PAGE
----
Seventy-three-year-old Bert Conway, who will make his Orange County debut this weekend in the Grove Theatre Co. production of Stephen Metcalfe's "Vikings," arrives with a most distinguished background. Since he launched his career in the late '30s, fresh out of acting school in New York City, he has worked with some of the most illustrious figures in the field--Clifford Odets, Harold Clurman, Lee Strasberg and Elia Kazan, to name just a few.
With all that behind him, is he excited about spending four weeks playing a Danish-American patriarch in Garden Grove? You bet he is.
"The grandfather's a tough, proud old guy with a lot of memories, principles and love," said Conway. "He's very human, very real--a character that really hits close to home. It's the kind of role that touches, and illuminates, your own life."
Clearly, this man has lost none of his youthful zest and affection for the theater. "Tired of it?," he boomed during a recent break in rehearsals. "Leave the theater? Are you crazy?"
He wasn't quite born in a trunk, but close: His parents were New York-based vaudevillians who played the national circuit in the 1920s. "My father was an acrobat and juggler, my mother a singer and pianist," Conway recalled. "And they made it, bless them, all the way to the Palace," the Broadway theater that was vaudeville's mecca.
Young Bert, following in the footsteps of his older brother Curt, enrolled in the Neighborhood Playhouse School in New York, then joined the famed Group Theatre in 1937. Founded in 1931 by Clurman, Strasberg and Cheryl Crawford, the Group Theatre was celebrated for highly innovative, powerfully societal-oriented productions.
One legendary project was Clurman's original staging of Odets' "Golden Boy" in 1937, featuring Luther Adler (as the boxer hero), Morris Carnovsky, Frances Farmer, Kazan, John Garfield, Karl Malden, Martin Ritt and Howard Da Silva.
Conway, who was an assistant stage manager for "Golden Boy" and was given a walk-on part as a boxing-arena employee, still remembers that production with awe. "I was just 21, barely out of drama school. Yet there I was, rubbing shoulders with likes of those people!"
A year later he played a lead--a reform-school youth in "Dance Night," staged by Strasberg. Roles in Odets' "Night Music" and Marc Blizstein's "No for an Answer" followed.
After serving with the Army in World War II, Conway took off for Hollywood. His movie debut --again, a brief role but again, in a landmark venture--was in William Wyler's 1946 epic, "The Best Years of Our Lives." He continued to play supporting roles in films throughout the late 1940s, most notably in Kazan's interracial drama, "Pinky."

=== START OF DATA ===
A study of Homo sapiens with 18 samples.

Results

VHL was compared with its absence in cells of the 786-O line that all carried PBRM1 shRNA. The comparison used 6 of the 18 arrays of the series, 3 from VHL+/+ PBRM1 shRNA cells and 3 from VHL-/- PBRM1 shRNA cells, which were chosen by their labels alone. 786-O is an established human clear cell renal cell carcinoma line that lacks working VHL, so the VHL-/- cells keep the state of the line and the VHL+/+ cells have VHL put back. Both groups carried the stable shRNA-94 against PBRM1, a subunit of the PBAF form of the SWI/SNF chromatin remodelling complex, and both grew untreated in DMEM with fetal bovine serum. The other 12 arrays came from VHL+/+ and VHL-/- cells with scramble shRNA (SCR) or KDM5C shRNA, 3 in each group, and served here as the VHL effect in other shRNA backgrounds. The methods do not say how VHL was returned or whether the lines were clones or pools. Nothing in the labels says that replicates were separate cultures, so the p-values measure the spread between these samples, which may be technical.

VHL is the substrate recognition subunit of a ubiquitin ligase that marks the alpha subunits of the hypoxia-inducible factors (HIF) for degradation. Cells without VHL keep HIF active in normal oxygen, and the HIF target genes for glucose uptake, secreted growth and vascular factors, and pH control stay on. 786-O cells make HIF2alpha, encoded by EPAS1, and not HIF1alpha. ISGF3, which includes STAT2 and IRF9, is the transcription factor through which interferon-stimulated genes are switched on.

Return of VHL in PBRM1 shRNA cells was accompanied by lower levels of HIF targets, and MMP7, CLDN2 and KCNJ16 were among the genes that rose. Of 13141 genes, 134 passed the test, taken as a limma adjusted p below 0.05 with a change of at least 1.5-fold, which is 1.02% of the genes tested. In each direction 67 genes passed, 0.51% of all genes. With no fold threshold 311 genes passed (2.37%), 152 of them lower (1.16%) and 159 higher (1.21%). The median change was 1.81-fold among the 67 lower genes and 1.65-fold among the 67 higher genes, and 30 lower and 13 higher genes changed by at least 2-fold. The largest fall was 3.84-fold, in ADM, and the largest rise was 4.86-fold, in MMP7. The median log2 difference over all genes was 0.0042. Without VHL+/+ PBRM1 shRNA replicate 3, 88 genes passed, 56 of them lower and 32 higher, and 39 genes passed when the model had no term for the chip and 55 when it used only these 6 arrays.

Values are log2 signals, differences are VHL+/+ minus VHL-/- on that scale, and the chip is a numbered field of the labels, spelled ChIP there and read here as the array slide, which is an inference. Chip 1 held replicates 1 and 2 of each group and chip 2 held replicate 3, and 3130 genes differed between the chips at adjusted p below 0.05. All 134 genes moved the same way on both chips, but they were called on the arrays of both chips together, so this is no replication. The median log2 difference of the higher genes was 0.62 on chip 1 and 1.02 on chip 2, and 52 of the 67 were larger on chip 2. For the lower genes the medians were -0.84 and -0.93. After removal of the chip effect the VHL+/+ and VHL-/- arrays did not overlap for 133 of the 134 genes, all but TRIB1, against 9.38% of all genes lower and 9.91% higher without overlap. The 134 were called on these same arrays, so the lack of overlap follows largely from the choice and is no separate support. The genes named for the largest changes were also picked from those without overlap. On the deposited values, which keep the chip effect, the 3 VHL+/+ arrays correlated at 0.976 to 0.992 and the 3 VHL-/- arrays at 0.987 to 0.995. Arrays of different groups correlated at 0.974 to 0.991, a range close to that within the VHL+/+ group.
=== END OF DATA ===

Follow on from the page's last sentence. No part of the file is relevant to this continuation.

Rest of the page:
But in 1950, Conway left Hollywood, caught up in the sweeping investigations and anti-subversion purges by the House Committee on Un-American Activities. "It was a time," he remembers, "of incredible fears and complete idiocy in Hollywood. It was a very dark, very tragic era" as actors, directors, writers and others were blacklisted by the studios.
Back in New York, Conway resumed a full-time career in theater, starting as an understudy in Arthur Miller's monumental "Death of a Salesman" (late in the run, he said, he got to play Biff Loman "for one glorious week"). In 1952, he played a fight commissioner in a major Broadway revival of "Golden Boy," staged by Odets himself and starring Garfield and Lee J. Cobb.
Subsequent work in New York included an off-Broadway revival of "Deep Are the Roots," which he directed, and appearances with Joseph Papp's New York Shakespeare Festival. His last Manhattan performance was in the mid-'60s; since then he has toured nationwide in "The Caine Mutiny Court Martial" and has been back in Hollywood for supporting roles in movies ("The Three Musketeers," "Little Big Man," Kazan's "The Arrangement") and TV ("St. Elsewhere").
He has also increased his work in smaller theaters. With Los Angeles' Group Repertory, he has had major roles in Miller's "A Memory of Two Mondays" and in Eugene O'Neill's "Ah, Wilderness!"
Underemployment, however, is still part of the actor's lot. "There's always the lean times, the long spells between shows," noted Conway, who has done time as a cabbie, restaurant cook and mill worker.
"But there's nothing like (the stage) when luck is with you, when everything clicks and you're in the right place at the right time."
"Vikings" gives him a meaty role. He plays Yens Larsen in the production directed by Jules Aaron. Daniel Bryan Cartmell, a Grove regular, will play his son. John Walker will play his grandson.
Larsen has "lived his whole life with a proud heritage, and he wants to pass this on as an anchor to the younger generations," Conway said quietly as he discussed the serious themes at work in "Vikings." "He's an old man wanting to help others find their way through that labyrinth called life."
Then Conway smiled, philosophical solemnity put aside, his grand jauntiness back in its place. "Let's face it, the grandfather's a damn fine role. For someone who's been in the business this long," said Conway, his voice rising, his arms in a sweeping gesture, "I sure can't complain about that!"
The Grove Theatre Co. production of "Vikings" by Stephen Metcalfe will be presented from Jan. 16 through Feb. 13 at the Gem Theatre, 12852 Main St., Garden Grove. Show times: Wednesdays through Saturdays 8 p.m., Sundays Jan. 24 and 31 at 7:30 p.m., Sundays Jan.17 and Feb. 7 at 3 p.m. Tickets: $11 to $14. Information: (714) 636-7213.